I never paid much attention to the horror stories my friends told me about their kids starting pre-school. Somehow I thought their tales of separation anxiety were a bit exaggerated. I mean, what’s the big deal? You drop your kid off, give them a kiss and pick them up 4 hours later. As long as you come back there shouldn’t be an issue of abandonment, right?
Wrong. With kids, nothing is as easy as it sounds. We visited the pre-school three times to lessen the blow of the first day. One of those visits happened to be the same day as Emily’s birthday so Scout walked right into chocolate cupcakes with sprinkles, fresh strawberries and juice boxes. “I like pre-school, Mommy!” Scout said walking back to the car with frosting smeared all over her shirt. “Today was a special day because it was Emily’s birthday,” I said, “They don’t serve cupcakes everyday at pre-school, honey.” She grinned at me like she was possessed and said, “I really like pre-school, Mommy!” Okay, she’s on some sugar high and not hearing a word I say. Thank God the next time we visited the snack was raisins and string cheese. Scout picked out her own backpack and lunch box and the first day of pre-school was built up with the same excitement and anticipation as Christmas morning. There were photos too. She put on her backpack (which was half her size), held her lunch box with both hands, stood on the front porch and smiled the same way I did for my mother every first day of school.
As we walked up the ramp to her classroom, I felt her grip tighten around my hand and her feet got heavy and slow. “Don’t worry angel, Mama’s going to stay for a bit,” I said guiding her in the front door. My husband, Josh, was out of there in 7 minutes but I stayed for a bit…an hour…okay, and hour and a half. How could I leave? Every time Scout saw a kid fall apart after being dropped off, she would give me that look and say, “Mama don’t leave.” I watched the teacher, Miss Martha, comfort the kids with hugs and change the subject. “Come over here, and I’ll read you a story,” she said in her motherly, Brooklyn accent. Within three minutes, the crying stopped. At least half the kids had some adverse reaction to being dropped off. Scout took note of each one and kept looking in my direction. One little girl even threw-up right into her father’s hand. He rushed by me to the bathroom carrying vomit in one hand and his screaming daughter in the other. I must have looked shocked, because Miss Martha acted like it was no big deal. “Oh, that happens all the time with Amanda,” she said smiling. “She’ll be fine in a minute.” Scout saw the whole thing and wanted to sit in my lap. My cell phone rang. It was Josh. “You’re still there?” he said surprised. “Yeah, I was just getting ready to leave,” I said, “…but Scout won’t let me out of her sight.” He started in, “Honey, the whole point of her going….” “I know, I’m leaving as soon as they go out to the yard,” I said cutting him off. I turned off my phone and thought…it’s so easy for him. Miss Martha called the kids over to a red line on the carpet. They all held onto a rope and sang a song as they marched out to the play yard. This was my chance to break away because Scout’s never met a slide she didn’t like.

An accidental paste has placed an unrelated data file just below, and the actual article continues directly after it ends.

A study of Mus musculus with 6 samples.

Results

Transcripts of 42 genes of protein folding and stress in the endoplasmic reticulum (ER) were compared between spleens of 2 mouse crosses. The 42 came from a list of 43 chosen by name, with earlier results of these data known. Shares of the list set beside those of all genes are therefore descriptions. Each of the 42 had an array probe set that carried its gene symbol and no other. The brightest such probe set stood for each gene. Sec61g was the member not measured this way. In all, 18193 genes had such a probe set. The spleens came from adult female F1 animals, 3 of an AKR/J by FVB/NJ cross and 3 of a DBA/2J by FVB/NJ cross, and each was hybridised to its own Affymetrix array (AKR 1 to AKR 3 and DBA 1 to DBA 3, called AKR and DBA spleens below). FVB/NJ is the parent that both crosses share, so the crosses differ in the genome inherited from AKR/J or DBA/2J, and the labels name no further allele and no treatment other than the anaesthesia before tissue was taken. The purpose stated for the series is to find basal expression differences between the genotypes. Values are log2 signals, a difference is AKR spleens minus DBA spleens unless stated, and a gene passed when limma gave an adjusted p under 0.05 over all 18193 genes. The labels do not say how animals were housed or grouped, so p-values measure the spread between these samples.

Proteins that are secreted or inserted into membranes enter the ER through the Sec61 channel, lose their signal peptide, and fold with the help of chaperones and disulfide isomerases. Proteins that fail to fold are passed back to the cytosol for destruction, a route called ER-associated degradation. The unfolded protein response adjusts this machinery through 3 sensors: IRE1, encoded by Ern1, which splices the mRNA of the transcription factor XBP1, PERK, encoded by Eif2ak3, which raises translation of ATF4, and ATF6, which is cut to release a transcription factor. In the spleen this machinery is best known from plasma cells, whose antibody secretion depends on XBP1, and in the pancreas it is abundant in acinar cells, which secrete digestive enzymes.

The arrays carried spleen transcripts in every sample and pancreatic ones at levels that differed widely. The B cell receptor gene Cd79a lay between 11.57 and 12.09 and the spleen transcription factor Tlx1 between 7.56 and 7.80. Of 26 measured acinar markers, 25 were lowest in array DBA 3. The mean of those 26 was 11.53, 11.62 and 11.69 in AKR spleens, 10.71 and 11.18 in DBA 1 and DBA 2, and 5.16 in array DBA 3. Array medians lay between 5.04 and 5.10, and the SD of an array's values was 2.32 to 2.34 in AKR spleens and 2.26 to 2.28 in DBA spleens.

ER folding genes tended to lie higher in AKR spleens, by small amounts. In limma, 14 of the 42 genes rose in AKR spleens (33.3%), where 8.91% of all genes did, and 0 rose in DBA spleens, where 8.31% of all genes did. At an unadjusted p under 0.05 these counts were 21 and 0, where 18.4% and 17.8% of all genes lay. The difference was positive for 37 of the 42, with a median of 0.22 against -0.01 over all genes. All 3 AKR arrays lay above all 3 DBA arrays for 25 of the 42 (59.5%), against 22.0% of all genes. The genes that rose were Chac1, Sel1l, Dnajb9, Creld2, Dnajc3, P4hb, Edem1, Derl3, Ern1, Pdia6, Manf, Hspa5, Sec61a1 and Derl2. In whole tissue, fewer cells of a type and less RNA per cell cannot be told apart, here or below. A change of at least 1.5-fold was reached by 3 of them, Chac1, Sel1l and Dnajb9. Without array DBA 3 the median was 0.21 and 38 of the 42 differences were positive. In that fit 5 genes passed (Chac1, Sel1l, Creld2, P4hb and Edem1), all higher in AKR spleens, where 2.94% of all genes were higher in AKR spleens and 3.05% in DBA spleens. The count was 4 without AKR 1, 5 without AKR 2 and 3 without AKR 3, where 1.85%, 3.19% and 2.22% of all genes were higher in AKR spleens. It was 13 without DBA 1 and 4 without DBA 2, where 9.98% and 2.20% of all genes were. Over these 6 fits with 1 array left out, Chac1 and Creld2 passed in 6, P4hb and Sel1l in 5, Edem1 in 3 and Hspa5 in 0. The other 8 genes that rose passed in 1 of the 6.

She won’t care that I leave now, right? Wrong. “Mommy, watch me!” she squealed from the top of the slide. “Wheee!” she sang all the way down and climbed up again. I watched another mom peel her screaming son off her leg and make a break for it. I cannot be the last mom here. I’m stronger than this. Scout’s ready to slide down again. “Mommy, watch!” she said smiling. “Okay honey, one last time and then I have to go,” I said looking for Miss Martha. Her smile vanished and instead of “Wheee,” she cried, “Nooo!” down the slide and grabbed my hand. “Don’t go Mommy, don’t go!” she cried. Miss Martha was right there and turned to me and said, “Whatever happens, you have to keep going. Remember, the quicker the goodbye the better.” I kissed and hugged Scout and told her I’d be back in a couple hours. Giant tears were running down her cheeks as Miss Martha picked her up. “Mommy, don’t go!” she screamed with her arms stretched out. I went out the gate and gave her one last look, a quick wave and said, “I love you angel.” I turned and walked down the foyer feeling sick to my stomach.
I saw the mom before me hiding behind a pillar with a Kleenex to her nose. “Did Ben stop crying?” she asked trying to compose herself. “Uh…yeah, he stopped right after you left,” I said. “Oh thank God,” she said squeezing my forearm. “I swear this is killing me!” she said breaking down again. “I know, it’s hard on all of us,” I said wanting to comfort her. “There are still two moms out there, so you’re doing great. Give yourself some credit.” She blew her nose and said, “I will. Thanks.” I started walking to my car. My steps got heavy and slow. Every cell in my body told me to turn around and go back and check on my daughter but I kept going. I looked back, and in my mind I could see a fresh trail of blood dripping behind me. It felt like a vital organ had been ripped from my body and left behind on that playground. I was suddenly reminded of a card from Scout’s baby shower. It moved me in such a way that I’ve kept it on her bulletin board all this time. The card read, “Motherhood is to decide forever to have your heart go walking around outside your body.” By the time I reached my car my eyes were ripe with tears. I got in and they erupted. All my friends were right. They didn’t exaggerate one bit. This is a big deal.